As a child of the 80s, I was a mega-fan of The Simpsons. I had all the videos, posters, plush toys, hats, wallets, bubblegum cards… at six years old, I was even convinced I would some day marry Bart. (I'll never live that one down.) Naturally, when The Simpsons: Tapped Out mobile game appeared in Google Play, courtesy of Electronic Arts, I wanted to give it a try. Ay Carumba! I wish I hadn't: was the object of my childhood obsession really this naff? See Best Android Apps.
EA claims The Simpsons: Tapped Out is "life-ruiningly fun". Fun, no; life ruining, possibly. The game annoyed me so much I had to uninstall it for a few days, then reinstall it prior to writing this review. Although in most SIMs-style construction games this would mean you'd have to start over, The Simpsons: Tapped Out's requirement for an active internet connection means it is able to store your progress and you can pick up where you left off. But there's only so much of Homer calling out "Better them than me" to announce the completion of some menial task given hours previously that I can take. Audible notifications on my smartphone? Doh! See Android Advisor.
Get past the irritating audible notifications, which can't be switched off in a settings menu, and The Simpsons: Tapped Out continues to disappoint. Before you can start playing you need to download the rather large 40MB game file, plus a further 72.8MB of updates (you'll want to do so over Wi-Fi). You'll then need to wait a good couple of minutes for the game to load, then 'Tap to continue', then wait another minute for the game to begin. If it's your first time playing The Simpsons: Tapped Out, you'll also have to sit through a cut-scene in which Homer is so busy playing on his iPad that he causes a meltdown at the nuclear power plant. Those Apple fans…
Finally into the game, it's your job to rebuild Springfield - or, at least, a version of the town (after all, Springfield is one of the most common city names in the US). You can even visit an alternative Springfield within The Simpsons: Tapped Out, collecting dollars and doughnuts that help you to build up your own town.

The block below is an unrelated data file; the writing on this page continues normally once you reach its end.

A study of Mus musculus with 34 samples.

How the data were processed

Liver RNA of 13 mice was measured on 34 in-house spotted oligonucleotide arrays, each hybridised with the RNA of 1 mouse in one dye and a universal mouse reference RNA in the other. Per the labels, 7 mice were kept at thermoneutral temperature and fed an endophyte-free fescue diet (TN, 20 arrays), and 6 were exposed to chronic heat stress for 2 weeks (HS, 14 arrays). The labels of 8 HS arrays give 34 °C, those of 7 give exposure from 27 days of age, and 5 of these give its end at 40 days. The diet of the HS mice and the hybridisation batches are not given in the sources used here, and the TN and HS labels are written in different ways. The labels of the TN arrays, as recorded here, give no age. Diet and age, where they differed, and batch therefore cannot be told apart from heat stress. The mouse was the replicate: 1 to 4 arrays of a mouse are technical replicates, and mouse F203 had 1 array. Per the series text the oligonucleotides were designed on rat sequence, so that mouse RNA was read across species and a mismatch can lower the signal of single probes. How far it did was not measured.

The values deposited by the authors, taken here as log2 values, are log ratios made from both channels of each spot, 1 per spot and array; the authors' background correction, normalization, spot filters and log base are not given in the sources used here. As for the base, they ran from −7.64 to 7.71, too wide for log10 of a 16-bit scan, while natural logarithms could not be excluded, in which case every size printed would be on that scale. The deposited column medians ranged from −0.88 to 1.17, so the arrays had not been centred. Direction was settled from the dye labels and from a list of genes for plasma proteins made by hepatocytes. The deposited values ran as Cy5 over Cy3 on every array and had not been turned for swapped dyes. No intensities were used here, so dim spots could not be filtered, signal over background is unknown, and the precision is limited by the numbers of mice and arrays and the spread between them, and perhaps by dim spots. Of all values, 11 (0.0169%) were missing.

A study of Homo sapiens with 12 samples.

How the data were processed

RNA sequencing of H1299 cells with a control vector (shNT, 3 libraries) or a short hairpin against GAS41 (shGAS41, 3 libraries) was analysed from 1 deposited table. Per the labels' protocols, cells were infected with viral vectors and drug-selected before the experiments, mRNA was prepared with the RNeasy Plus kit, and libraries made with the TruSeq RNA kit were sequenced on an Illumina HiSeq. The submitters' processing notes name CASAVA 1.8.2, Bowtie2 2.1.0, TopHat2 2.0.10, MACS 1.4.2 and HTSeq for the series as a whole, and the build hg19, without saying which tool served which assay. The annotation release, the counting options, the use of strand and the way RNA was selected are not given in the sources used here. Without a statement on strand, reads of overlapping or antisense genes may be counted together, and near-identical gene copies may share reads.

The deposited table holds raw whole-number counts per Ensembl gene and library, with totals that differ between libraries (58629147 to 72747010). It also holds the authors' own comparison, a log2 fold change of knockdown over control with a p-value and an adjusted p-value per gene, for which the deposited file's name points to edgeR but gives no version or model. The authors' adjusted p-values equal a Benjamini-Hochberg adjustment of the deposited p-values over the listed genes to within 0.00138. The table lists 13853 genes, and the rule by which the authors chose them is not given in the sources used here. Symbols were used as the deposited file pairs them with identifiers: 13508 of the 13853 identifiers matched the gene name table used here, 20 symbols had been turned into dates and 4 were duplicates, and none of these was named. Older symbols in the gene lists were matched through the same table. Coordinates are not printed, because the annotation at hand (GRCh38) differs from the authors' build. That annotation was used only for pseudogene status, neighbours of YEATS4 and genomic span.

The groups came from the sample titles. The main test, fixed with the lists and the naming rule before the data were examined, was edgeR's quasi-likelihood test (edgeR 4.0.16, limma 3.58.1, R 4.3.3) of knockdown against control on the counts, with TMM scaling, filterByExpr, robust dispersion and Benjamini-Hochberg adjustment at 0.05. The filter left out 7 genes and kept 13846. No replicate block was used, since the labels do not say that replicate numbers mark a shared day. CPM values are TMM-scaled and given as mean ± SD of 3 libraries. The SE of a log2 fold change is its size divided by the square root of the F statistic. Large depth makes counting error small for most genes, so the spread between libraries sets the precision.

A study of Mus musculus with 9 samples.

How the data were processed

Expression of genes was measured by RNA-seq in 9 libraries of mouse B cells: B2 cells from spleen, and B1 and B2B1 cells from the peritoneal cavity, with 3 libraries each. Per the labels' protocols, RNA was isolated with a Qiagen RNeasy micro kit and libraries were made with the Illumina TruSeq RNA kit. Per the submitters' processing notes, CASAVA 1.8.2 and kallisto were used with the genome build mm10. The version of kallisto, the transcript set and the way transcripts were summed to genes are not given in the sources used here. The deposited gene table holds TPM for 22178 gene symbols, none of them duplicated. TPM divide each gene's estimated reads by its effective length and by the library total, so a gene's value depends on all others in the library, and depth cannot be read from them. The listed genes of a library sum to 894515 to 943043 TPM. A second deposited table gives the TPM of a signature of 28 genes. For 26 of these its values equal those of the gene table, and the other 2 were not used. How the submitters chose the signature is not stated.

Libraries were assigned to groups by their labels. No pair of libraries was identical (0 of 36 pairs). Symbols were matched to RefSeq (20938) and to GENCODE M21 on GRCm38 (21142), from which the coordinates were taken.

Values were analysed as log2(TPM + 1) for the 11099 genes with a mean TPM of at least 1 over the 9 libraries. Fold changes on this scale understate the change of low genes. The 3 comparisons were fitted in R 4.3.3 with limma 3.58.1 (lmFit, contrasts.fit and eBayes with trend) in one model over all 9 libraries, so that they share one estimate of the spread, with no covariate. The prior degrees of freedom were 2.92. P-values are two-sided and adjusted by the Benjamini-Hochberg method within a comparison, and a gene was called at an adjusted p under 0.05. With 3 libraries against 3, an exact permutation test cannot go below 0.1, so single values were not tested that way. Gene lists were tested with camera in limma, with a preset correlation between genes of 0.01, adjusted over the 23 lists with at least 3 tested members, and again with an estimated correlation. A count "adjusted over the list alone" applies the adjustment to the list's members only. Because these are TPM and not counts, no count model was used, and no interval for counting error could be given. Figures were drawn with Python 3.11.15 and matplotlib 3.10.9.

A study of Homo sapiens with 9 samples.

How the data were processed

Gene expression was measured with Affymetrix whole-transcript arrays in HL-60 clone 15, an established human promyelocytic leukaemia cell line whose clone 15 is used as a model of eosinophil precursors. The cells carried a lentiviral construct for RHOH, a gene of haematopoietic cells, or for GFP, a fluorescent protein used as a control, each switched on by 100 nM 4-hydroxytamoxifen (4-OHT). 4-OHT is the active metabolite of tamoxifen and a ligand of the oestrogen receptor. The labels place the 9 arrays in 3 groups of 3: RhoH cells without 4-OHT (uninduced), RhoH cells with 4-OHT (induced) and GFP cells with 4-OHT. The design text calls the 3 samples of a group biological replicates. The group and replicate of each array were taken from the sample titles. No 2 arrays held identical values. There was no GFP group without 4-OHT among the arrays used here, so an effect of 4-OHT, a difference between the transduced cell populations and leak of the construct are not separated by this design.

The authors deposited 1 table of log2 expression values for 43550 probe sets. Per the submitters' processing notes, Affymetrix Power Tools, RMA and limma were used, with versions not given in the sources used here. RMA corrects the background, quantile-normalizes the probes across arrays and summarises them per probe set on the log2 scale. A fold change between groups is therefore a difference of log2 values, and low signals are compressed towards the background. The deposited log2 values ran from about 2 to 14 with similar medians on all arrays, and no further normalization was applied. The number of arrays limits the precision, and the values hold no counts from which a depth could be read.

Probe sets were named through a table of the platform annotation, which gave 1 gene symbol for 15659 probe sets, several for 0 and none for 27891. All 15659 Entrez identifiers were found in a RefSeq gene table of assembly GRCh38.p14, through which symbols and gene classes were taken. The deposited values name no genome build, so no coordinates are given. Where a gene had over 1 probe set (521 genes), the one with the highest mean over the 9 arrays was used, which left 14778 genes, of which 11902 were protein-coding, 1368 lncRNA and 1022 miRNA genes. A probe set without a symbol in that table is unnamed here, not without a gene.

You begin The Simpsons: Tapped Out with just Homer (where's Bart?), and gradually unlock other characters such as Lisa, Flanders, Cletus and Apu. Even Sideshow Bob makes an appearance: a truly undaunting experience in which you simply tap evil Bob to arrest him. Chief Wiggum is never around when you need him - which makes sense, given the scarcity of doughnuts.
There's absolutely no hint of a challenge within the game; you simply do as you are told. You're instructed when to build houses, plant trees, buy land, lay paving and so on. If Apu needs Tomacco for the Kwik E-Mart, you don't even get to figure out the solution for yourself (to build Cletus' farm and grow Tomacco).
A scrollable character menu on the left shows which tasks are currently available for each character, and you simply pick an option from a list. For each completed task you earn money and doughnuts, which are used to progress in The Simpsons: Tapped Out. If you're lucky, you might win some extra money and doughnuts with an Itchy & Scratchy scratchcard.
When a character is free to complete a task an exclamation mark appears in a speech bubble above them, and they wander aimlessly about Springfield until you give them new orders. Some tasks are completed very quickly; others take hours. For example, Apu can pray to Ganesh in 45 seconds, feed the octuplets in an hour, or spend four hours completing a shift at the Kwik E-Mart. Like all such games, you can trade physical money with virtual currency to speed up tasks.
With Lisa busy babysitting Rod and Todd, Apu relaxing in the Brown's house (who's house?), Cletus delousing the young-uns, Homer lounging in the pool and Flanders having a power walk, what's left to do but close the game? Show me one person who doesn't lose interest in The Simpsons: Tapped Out and I'll eat my shorts.
Every so often the characters interact with each other, but I struggled to buy into some of their conversations. As if Homer would really say to Apu: "Apu, you look exhausted. Why not treat yourself to a little R and R?" And why must the text appear letter by letter - can't we speed things up?
In The Simpsons: Tapped Out's defence, the voices are authentic and the graphics are really very good. What you see onscreen is exactly what you imagine seeing on your TV. Plus, with an average 4.3-star rating in Google Play, the game clearly has a lot of fans. And it is free.